The Minnesota Department of Transportation recently announced to Hastings city staff that it will change some of the state highway speed limits in and around Hastings. The decision comes after a roughly year-long effort on the part of the city and some residents to stop the speed limit increase, at least in some sections of the highways.

This spring, MnDOT is expected to raise the speed limit from 45 mph to 55 mph on Highway 55 from General Sieben Drive to Jacob Avenue; from 30 mph to 35 mph on Highway 61 from Highway 316 to the Mississippi River bridge; from 55 mph to 60 mph on Highway 61 south of Hastings city limits; from 35 mph to 40 mph on Highway 316 from Highway 61 to just north of Tuttle Drive; and from 55 mph to 60 mph on Highway 316 south of city limits. A section of Highway 55 between Vermillion and Prairie streets, which came under debate last year, will remain at its current 35-mph posted speed limit.

City Administrator Melanie Mesko Lee said that the changes attempt to balance the state's needs with the city council's concerns.

"We have revised the speed limits to address the Hasting City Council's concerns as much as possible, while still following the Traffic Engineering Manual and commonly accepted speed zoning practices," she wrote in an email.

Hastings City Councilman Joe Balsanek, who has been a vocal opponent of the increases since they were first announced, said this week that he's happy that MnDOT listened to the city's concerns, but that the changes they are making are "very upsetting to me."

Speed limit discussions began locally in the fall of 2015, when MnDOT initially notified the city that it planned to raise speed limits on state highways within Hastings.

The changes were spurred by a study mandated by the Minnesota Legislature. That study indicated to MnDOT staff that speed limits here should be raised in order to better match average actual speeds. Hastings residents and the City Council, however, balked at the idea, especially when it came to the eastern end of Highway 55, where MnDOT originally wanted to increase speed limits to 40 mph. There, opponents noted, the road bisects a popular city park (Roadside Park) and is also adjacent to Hastings Middle School. Increasing the speed limit there, they said, would create more of a safety risk than already exists.

Ultimately, MnDOT agreed to keep that section the same, and for that, Balsanek said he's happy.

"I'm very pleased at that," he said. "But I am upset about the Vermillion Street Corridor, having that raised."

Study: most driving over 30 mph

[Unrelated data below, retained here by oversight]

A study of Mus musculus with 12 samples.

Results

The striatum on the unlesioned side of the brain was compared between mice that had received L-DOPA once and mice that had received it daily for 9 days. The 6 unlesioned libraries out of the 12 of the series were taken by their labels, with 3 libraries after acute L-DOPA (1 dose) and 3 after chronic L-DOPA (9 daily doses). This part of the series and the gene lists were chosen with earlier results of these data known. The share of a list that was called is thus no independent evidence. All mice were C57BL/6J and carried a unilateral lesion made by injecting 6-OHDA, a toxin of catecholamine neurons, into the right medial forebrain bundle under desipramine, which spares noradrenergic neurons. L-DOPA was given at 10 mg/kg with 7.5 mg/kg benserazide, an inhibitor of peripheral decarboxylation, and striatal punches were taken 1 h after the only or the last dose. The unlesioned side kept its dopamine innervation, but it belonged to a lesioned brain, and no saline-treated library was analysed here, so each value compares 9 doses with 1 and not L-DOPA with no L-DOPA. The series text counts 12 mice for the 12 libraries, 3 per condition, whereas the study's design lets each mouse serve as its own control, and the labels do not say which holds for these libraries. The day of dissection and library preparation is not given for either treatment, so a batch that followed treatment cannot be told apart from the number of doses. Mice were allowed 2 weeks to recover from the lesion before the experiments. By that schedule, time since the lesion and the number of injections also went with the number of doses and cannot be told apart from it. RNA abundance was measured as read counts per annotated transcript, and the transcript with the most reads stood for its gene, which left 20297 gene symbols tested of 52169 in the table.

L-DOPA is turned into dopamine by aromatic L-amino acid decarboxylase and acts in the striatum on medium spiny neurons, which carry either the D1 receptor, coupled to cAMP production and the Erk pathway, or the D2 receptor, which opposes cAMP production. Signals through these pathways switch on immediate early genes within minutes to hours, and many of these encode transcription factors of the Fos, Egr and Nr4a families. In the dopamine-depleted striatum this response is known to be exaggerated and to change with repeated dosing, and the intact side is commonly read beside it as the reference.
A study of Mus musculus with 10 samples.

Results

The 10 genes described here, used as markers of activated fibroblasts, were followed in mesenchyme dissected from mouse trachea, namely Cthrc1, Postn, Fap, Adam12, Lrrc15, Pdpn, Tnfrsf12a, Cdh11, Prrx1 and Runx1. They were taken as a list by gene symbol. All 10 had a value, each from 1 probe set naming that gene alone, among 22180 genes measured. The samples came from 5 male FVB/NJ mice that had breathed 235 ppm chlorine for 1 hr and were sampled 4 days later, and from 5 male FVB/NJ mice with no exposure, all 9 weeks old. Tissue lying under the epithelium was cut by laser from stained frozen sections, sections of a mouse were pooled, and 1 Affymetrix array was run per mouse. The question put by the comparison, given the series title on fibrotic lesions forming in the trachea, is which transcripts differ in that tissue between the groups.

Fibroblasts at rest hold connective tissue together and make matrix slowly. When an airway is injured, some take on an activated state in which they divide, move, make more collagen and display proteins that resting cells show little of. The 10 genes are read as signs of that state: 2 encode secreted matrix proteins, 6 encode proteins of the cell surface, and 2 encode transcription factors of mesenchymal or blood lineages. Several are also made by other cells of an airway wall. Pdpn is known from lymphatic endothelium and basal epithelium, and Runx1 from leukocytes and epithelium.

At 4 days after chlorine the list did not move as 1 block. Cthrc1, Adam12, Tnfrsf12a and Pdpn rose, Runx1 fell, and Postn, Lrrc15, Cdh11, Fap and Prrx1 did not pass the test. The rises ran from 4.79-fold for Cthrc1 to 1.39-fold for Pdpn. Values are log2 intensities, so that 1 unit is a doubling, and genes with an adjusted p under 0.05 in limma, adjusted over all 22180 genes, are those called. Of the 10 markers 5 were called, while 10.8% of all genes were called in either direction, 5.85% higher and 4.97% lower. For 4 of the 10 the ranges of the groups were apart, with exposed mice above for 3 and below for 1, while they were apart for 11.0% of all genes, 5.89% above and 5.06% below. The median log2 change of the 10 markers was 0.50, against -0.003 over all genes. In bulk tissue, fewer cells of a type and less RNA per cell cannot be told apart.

The 2015 study showed that most drivers on Highway 61 are travelling at 37-40 mph, despite the 30-mph posted speed limit. And, MnDOT representative Chad Erickson told City Council that same year, when it comes to safety, crash rates are at their lowest when posted speed limits match the average speed.

One of MnDOT's primary goals is to move traffic smoothly and safely along its roads. In some cases, that means adjusting speed limits where observed speeds don't match posted speed limits and the number of incidents isn't high enough to raise any red flags.

But crashes in the corridor are already a problem, according to Balsanek. He said that the city has upwards of 60 crashes each year on Vermillion Street, especially at 10th and 15th streets and Highway 55.

"I don't know what MnDOT's bar is set at, but I just don't think that's normal, to have that amount of traffic incidents," Balsanek said. "... I think there is more than a fair amount of incidents."

Mesko Lee provided MnDOT's summary regarding the findings for Highway 61, which stated: "While the Council's concerns about TH 61 are understood, MnDOT cannot retain the 30-mph limit and meet our obligation to provide a safe and reasonable speed limit for this road design and surrounding environment."

Balsanek's concern also extended to the section of Highway 55 on the city's west edge. He pointed to the incoming Allina Clinic and what he expects to be a substantial increase in traffic to that area.

"I just think that they would have been better to wait and get the clinic done and then look at safety," he said.

Balsanek is less worried about the rural speed limit increases from 55 mph to 60 mph, a shift that is happening all around the state. The council and residents have previously indicated concern over raising speed limits at Highway 316 and Tuttle Drive, as that intersection can already be difficult to navigate at peak traffic times. MnDOT also explained that decision to the city.

"The speed study indicated that the 35-mph zone between TH 61 and 645-feet north of Tuttle Drive should be increased to 45 mph. "The Council desired that the 35-mph zone remain. However, upon review of the data, the road design, and the surrounding environment, a 40-mph limit is the lowest that can be set and still meet MnDOT's obligations to the public."

Mesko Lee said she feels that, although the council was not unilaterally pleased with the final result, MnDOT did listen to the city's concerns and were willing to exhibit flexibility. 

"Ultimately, we were pleased with how it played itself out," she said.

MnDOT is expected to post new speed limit signs sometime this spring.